The Mets and Former OF Jay Bruce locked down a 3yr/$39M contract on Wednesday night. The Former Mets player was traded at the deadline to the Indians for Ryder Ryan. The original deal was more about shedding future payroll than getting any substantial prospects in return.
According to Ken Rosenthal, the contract is back-loaded, with Bruce owed only $10M in this approaching season, and then 14.5$ in ‘19 and ‘20. Between the Indians and Mets, Bruce had his best season since 2013 with the Reds. Bruce finished the season with 36 HR, 101 RBI while slashing .254/.324/.508. He was worth 2.7 fWAR over his 146 games played, after being only worth 0.1 fWAR over the previous 3 seasons combined.
Mets fans are still trying to figure out where Bruce will fit in the Mets lineup. Bruce has shown the ability to play a “passable” first base and looks poised to split time with young Dom Smith. Smith looked overwhelmed by his first taste of the majors and will have a shot to lock down first base full time in the spring. But what about Jay Bruce’s natural position in the outfield? The Mets have a logjam in the outfield and various degrees of question marks. First things first, Yoenis Cespedes is the Mets every-day left fielder without question. That leaves CF, and RF open. When healthy, Michael Conforto should get everyday at-bats. With his current shoulder injury, we have heard reports he should be back in April, but nothing is definite yet. Should he be sidelined for an extent that would leave Bruce in right field and Gold Glover Juan Lagares in center.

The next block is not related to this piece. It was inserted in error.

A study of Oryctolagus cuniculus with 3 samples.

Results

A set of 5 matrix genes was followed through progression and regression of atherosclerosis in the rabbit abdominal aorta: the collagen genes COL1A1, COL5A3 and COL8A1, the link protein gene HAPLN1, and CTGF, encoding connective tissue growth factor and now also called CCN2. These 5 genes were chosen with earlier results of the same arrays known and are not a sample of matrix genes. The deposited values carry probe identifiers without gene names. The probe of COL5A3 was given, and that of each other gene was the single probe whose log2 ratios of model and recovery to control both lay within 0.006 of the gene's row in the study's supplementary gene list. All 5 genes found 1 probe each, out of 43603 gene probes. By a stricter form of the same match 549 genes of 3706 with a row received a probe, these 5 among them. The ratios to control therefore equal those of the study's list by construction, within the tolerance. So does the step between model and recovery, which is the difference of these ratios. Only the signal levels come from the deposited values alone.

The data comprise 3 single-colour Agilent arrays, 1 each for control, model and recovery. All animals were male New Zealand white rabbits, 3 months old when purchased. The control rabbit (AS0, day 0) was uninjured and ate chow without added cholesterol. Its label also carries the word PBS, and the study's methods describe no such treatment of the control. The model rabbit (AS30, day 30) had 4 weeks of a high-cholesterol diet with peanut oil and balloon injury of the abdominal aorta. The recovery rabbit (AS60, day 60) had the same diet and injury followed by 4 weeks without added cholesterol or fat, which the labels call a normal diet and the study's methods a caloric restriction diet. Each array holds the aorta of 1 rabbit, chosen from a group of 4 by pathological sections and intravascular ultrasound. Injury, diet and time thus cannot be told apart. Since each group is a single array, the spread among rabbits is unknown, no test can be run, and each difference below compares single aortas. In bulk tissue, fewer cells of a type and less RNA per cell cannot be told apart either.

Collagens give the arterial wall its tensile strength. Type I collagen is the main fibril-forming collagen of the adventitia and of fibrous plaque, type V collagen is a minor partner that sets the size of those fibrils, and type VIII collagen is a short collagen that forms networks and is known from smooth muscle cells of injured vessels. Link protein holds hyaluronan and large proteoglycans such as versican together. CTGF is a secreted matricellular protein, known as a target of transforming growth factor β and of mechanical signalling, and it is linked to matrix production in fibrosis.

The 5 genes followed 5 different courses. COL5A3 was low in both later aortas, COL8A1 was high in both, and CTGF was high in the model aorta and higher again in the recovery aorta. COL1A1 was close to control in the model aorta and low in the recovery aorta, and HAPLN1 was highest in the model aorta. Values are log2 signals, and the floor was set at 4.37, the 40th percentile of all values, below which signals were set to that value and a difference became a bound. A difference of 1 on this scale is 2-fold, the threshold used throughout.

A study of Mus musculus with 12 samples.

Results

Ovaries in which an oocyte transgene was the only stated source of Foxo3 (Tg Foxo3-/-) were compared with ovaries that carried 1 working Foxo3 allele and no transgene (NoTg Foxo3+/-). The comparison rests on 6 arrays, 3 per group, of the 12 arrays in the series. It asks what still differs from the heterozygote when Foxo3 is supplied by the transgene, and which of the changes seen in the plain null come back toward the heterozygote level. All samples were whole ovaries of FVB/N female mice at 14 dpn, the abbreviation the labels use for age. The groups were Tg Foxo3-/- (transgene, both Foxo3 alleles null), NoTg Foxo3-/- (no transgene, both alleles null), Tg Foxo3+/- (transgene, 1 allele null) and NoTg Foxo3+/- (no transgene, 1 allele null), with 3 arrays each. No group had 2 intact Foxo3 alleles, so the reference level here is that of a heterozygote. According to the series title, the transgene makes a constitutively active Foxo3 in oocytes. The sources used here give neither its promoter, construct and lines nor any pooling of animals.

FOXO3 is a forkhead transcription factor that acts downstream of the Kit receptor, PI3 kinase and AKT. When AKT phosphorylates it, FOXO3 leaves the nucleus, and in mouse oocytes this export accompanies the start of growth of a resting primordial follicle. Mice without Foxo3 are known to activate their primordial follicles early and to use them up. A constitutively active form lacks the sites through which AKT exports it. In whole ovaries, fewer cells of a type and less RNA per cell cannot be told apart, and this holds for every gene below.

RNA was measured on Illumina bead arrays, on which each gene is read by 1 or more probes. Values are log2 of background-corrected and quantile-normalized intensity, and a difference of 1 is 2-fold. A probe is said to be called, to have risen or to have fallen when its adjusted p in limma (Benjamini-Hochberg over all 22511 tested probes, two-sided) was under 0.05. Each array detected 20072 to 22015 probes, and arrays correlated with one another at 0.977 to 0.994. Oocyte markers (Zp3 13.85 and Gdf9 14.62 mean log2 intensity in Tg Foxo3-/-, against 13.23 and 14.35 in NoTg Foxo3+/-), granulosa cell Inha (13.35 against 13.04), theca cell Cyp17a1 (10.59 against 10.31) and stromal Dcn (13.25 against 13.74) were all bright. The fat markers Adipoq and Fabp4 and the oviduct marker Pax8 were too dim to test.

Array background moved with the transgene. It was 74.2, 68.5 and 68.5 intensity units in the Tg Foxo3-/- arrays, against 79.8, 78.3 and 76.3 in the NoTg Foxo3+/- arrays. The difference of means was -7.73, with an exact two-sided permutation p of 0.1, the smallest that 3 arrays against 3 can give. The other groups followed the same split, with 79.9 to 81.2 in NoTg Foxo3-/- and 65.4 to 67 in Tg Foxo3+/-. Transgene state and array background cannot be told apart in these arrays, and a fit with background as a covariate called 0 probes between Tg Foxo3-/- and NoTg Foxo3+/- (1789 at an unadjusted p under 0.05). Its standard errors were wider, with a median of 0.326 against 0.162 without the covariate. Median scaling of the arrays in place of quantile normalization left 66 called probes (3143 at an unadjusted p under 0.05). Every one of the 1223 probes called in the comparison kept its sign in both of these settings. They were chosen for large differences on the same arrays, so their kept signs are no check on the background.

But the real question that all Mets fans are asking, was this the correct move?
When I learned about Bruce being back with the Mets, my initial thoughts were: How long? How Much? He had reportedly been looking for a deal in the 5/$70-80M range, which is aggressive. So when the reports trickled in at 3/$39M it eased my nerves. Bruce is still only 30 (Shocking, I know) and is coming after his best offensive and defensive season in years.
Kevin Long has preached fly balls to the Mets hitters and hitting fly balls is one of Bruce’s staples. He had a career-high 46.7% fly ball rate in 2017 and he posted his highest Hard% in his career at 40.3%. This isn’t the first time the Mets have had a hitter reinvent themselves under Long; look at Justin Turner and Daniel Murphy as examples. At $39M, the Mets need Bruce to produce 5 fWAR over his three-year contract to produce enough value for the contract to be worth it. The Mets seem to hope that the new and improved 2017 Jay Bruce will be the new normal, and his struggles in the past season are in the past. Only time will tell whether this contract was worth it for the Mets.